November 20th, 2012 · No Comments

Debate visits City Hall

By Josh Zeliger

Whether a casino is in the cards for downtown Toronto will be up in the air until next year, but that hasn’t deterred developers from posturing for public approval and pandering to City Councilors.

In the first concrete plan for a casino complex downtown, Oxford Properties Group recently unveiled a $3.1 billion proposal, covering 11 acres of land around the CN Tower.

The complex includes a large urban park, luxury hotel, three-floor shopping mall, 4,000 parking spaces, two sizable office towers, and a new convention centre all designed by renowned architectural firm, Foster + Partners.

Beyond the glitz and glam, Oxford is also promising the complex will be a boon to provincial government and City coffers. They say the property tax revenue from the casino and office towers will net $50 million annually. And Oxford, which is owned by OMERS, a massive pooled pension fund of civil servants in Ontario, isn’t done there; they are also promising to build a new convention centre, funded entirely with private money.

However, the deal hinges on whether City Council will rezone the area to allow for gambling. And many in City Hall are skeptical Torontonians want a casino. In 1997, when the city held a referendum on the issue, 72 per cent of citizens opposed opening a gambling establishment.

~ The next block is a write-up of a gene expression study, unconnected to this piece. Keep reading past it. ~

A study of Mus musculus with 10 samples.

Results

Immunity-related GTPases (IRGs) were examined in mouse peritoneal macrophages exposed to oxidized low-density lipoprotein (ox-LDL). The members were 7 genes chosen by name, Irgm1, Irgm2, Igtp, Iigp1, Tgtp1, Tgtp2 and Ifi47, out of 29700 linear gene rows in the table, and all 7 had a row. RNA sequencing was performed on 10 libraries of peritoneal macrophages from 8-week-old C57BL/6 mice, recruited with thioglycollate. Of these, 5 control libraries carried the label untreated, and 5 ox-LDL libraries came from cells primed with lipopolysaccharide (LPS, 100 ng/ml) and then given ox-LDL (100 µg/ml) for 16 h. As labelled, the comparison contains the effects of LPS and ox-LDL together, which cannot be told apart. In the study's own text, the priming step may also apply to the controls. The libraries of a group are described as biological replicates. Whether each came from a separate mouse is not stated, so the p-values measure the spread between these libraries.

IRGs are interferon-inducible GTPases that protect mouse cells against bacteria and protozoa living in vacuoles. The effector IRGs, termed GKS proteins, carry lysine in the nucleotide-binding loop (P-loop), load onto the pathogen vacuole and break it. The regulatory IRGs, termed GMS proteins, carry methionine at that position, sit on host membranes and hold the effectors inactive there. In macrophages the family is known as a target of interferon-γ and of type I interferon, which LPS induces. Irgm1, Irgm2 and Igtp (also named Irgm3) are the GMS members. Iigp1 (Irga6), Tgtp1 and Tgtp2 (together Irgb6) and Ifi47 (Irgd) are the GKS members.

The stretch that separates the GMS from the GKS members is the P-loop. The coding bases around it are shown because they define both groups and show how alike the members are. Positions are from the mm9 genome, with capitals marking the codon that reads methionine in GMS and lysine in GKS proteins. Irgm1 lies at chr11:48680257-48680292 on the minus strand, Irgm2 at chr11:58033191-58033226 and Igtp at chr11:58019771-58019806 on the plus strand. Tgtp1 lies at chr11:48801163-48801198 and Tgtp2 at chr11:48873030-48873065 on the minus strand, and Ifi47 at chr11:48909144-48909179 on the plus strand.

“Torontonians overwhelmingly voted against a casino and all recent polls have backed that up. So why would we go against the will of the people of Toronto?” said Mike Layton, City Councillor for ward 19, in a phone interview.

During an evening Toronto and East York Community Council committee meeting on Oct. 10 to discuss rezoning parts of the downtown to allow for a gambling establishment, citizens largely opposed the casino – with the only supporters being lobbyists and unions primed to benefit from a development.

“This can be an iconic, game changing development creating 6,000 construction jobs, thousands of stable jobs and millions of tourist dollars,” said William Rutsey, the CEO of the Canadian Gaming Association — a member organization including the Ontario Lottery and Gaming Corporation (OLG) —  during the committee.“Casino gaming will only be about 10 per cent of the product,” he said.

Layton said he worries local businesses and families will lose out if City Council votes to rezone.

“A casino isn’t an economic development strategy for a community. Local businesses on Queen, College, Dundas and Bloor Streets will be hurt by it when people spend their entertainment dollars elsewhere,” he said.

Layton said he also fears the social impact for citizens who have gambling problems.

He said the big winners will be The House and the Provincial Government.

“The Province sees this as a silver bullet for their financial hardships,” said Layton.
Ontario Finance Minister Dwight Duncan projects that by opening a new casino and shutting down other facilities (presumably the slots at Woodbine Racetrack); the province could recoup $1.3 billion.

The debate over whether a casino will be coming to town began in March, when the OLG announced it would open a new casino in the GTA. OLG President Paul Godfrey promised to create thousands of jobs and $3 billion of private investment – as Oxford has shown.

Godfrey also said a casino would not open in a municipality that does not want one, giving City Council the deciding vote.